CIDSE reminds governments that fighting for climate change isn’t just about pledges at the UN summit. We need a decarbonisation of the economy, an end to engagement in fossil fuels and moving away from destructive extractive industries and processes. We need to move towards a future where the focus is not on production and consumption, but rather on resilience, justice and living in harmony with God’s creation.
Lorna Gold, Head of Policy and Advocacy at CIDSE’s Irish Member Organisation Trócaire said “the Climate Summit, following on from the global demonstrations across the world at the weekend, could mark a turning point in the global climate change debate. Climate change has been recognised not only as an environmental issue, but as an existential threat which goes to the heart of the economic system. Many significant pledges amounting to $280 billion of investment have been made by the private sector to shift investment towards decarbonisation.”
While many corporate initiatives are being announced around climate finance and agriculture, Bernd Nilles, Secretary General of CIDSE, highlighted the need for greater emphasis on ensuring safeguards and transparency, saying “without such measures in place, these initiatives will neither serve the planet, nor the people.”
“Much was said of the link between climate and poverty which was positive. Unfortunately, for those living in poverty the words would not have been much comfort for the challenges they face now and in the future,” said Neil Thorns, Head of Advocacy and Communications Division in CAFOD, CIDSE’s Member Organisation in England and Wales.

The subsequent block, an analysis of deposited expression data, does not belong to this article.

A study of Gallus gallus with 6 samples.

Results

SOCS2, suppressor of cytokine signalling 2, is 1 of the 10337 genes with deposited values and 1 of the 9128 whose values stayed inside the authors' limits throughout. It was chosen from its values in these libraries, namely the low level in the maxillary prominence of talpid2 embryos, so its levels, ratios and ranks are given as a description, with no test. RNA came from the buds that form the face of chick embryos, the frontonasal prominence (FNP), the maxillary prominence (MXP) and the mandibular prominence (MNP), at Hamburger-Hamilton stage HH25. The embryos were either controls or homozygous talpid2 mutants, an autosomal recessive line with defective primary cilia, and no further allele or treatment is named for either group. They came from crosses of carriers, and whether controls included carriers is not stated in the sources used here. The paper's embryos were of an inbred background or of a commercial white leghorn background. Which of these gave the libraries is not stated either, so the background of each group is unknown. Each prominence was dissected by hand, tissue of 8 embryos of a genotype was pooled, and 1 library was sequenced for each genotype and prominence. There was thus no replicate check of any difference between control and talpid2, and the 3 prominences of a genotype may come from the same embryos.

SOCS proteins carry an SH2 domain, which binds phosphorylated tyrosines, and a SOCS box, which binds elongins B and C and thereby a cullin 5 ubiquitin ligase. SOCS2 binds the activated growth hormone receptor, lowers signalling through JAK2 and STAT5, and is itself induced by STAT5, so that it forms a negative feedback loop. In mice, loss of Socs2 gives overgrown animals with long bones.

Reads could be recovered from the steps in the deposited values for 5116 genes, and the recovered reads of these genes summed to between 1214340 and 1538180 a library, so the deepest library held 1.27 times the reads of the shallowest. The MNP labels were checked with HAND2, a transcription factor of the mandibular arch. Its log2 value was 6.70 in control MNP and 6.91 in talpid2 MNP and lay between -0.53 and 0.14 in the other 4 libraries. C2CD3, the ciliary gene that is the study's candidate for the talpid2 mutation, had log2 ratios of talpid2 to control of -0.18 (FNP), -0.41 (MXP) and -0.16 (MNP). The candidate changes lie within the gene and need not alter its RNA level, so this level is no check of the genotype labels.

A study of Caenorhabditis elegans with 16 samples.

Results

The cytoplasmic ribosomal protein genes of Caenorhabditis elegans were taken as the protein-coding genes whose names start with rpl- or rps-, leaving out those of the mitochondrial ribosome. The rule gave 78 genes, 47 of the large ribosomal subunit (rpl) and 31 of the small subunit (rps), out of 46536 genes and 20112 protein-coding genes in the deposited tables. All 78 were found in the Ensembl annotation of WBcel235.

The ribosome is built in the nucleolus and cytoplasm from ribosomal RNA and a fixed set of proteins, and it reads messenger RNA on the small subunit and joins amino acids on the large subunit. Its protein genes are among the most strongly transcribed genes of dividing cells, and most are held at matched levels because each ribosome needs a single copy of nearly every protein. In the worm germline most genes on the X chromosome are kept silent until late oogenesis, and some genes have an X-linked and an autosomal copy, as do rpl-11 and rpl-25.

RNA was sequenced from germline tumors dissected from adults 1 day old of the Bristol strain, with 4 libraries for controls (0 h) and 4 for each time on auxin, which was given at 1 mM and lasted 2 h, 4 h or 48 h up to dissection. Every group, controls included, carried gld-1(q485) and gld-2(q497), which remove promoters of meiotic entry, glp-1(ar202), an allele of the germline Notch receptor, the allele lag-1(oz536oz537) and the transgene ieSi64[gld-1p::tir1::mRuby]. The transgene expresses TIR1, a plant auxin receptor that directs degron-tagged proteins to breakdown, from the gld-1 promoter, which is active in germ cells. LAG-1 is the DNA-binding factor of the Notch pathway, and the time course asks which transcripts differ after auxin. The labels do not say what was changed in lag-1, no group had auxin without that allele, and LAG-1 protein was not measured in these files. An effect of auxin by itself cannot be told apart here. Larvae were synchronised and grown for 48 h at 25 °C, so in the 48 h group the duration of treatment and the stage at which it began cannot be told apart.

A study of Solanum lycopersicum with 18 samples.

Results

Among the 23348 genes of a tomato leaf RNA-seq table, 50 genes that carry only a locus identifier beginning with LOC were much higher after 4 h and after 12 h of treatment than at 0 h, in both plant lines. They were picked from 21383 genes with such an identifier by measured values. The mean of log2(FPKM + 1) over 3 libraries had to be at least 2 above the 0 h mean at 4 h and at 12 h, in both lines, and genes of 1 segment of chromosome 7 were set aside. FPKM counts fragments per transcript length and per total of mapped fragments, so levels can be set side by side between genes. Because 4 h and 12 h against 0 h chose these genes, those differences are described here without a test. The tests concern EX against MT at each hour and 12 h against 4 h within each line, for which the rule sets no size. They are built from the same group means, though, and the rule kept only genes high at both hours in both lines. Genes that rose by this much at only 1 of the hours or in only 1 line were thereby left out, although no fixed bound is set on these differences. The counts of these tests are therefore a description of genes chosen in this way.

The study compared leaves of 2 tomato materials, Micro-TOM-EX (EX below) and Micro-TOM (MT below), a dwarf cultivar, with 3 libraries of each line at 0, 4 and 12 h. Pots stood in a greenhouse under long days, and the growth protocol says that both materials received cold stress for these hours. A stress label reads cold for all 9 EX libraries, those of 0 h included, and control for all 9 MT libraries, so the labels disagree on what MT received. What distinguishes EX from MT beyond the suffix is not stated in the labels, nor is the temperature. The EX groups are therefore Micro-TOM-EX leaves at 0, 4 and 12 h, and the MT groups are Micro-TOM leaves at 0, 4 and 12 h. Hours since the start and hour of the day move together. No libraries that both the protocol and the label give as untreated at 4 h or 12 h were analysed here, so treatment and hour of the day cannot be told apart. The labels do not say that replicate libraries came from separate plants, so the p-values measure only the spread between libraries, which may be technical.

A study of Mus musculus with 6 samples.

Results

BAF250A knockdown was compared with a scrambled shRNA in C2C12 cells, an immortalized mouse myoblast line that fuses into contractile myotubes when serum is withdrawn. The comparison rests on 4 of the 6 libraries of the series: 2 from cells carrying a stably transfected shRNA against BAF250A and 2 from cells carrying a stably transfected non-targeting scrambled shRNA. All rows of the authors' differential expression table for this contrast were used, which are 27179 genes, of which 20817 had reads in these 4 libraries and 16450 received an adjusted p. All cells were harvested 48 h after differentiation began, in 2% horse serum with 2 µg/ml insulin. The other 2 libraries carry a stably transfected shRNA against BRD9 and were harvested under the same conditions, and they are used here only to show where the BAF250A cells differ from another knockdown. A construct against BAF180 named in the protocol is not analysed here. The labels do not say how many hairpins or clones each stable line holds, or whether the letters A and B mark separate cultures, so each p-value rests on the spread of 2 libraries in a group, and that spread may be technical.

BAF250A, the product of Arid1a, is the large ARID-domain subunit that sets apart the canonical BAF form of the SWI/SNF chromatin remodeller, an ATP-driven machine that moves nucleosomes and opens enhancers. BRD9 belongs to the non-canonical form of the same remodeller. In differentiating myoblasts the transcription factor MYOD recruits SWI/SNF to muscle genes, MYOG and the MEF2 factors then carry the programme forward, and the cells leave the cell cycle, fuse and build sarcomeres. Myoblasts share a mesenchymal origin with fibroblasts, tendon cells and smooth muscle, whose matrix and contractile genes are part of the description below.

The CIDSE delegation’s meeting with Small Island States brought forward the hard hitting fact of how climate change is an immediate reality for these nations, and how the lack of mitigation ambition at the summit shows the continued indifference towards the victims of climate change.
CIDSE, the international alliance of Catholic development agencies, calls on world leaders to act on the calls of the hundreds of thousands of people who took to the streets of New York and hundreds of other cities all over the world to secure a fair and ambitious deal in Paris in 2015 that ensures climate justice for all. Many governments, however, including those of the EU, have failed to use the New York Climate Summit to deliver in mitigation plans and new and additional public finance commitments ensuring such a deal.
The UN Climate Summit took place on September 23, 2014, and was preceded by the largest climate demonstrations in history.
Ahead of the summit, CIDSE published a critique of the Global Alliance for Climate-Smart Agriculture.
The delegation also consists of CIDSE Secretary General Bernd Nilles, Trócaire Head of Policy and Advocacy Lorna Gold, CAFOD Head of Advocacy and Communications Division Neil Thorns, the Head of Campaign and Advocacy, Good Governance, Justice, Peace and Development Project of the Bishops’ Conference of Africa and Madagascar (SECAM) Firmin Adjahossou, Head of International Advocacy at Secours Catholique Emilie Johann, H.E. the Archbishop of Abuja (Nigeria) Cardinal John Onaiyekan and Fr. Michael Czerny of the Pontifical Council for Justice and Peace.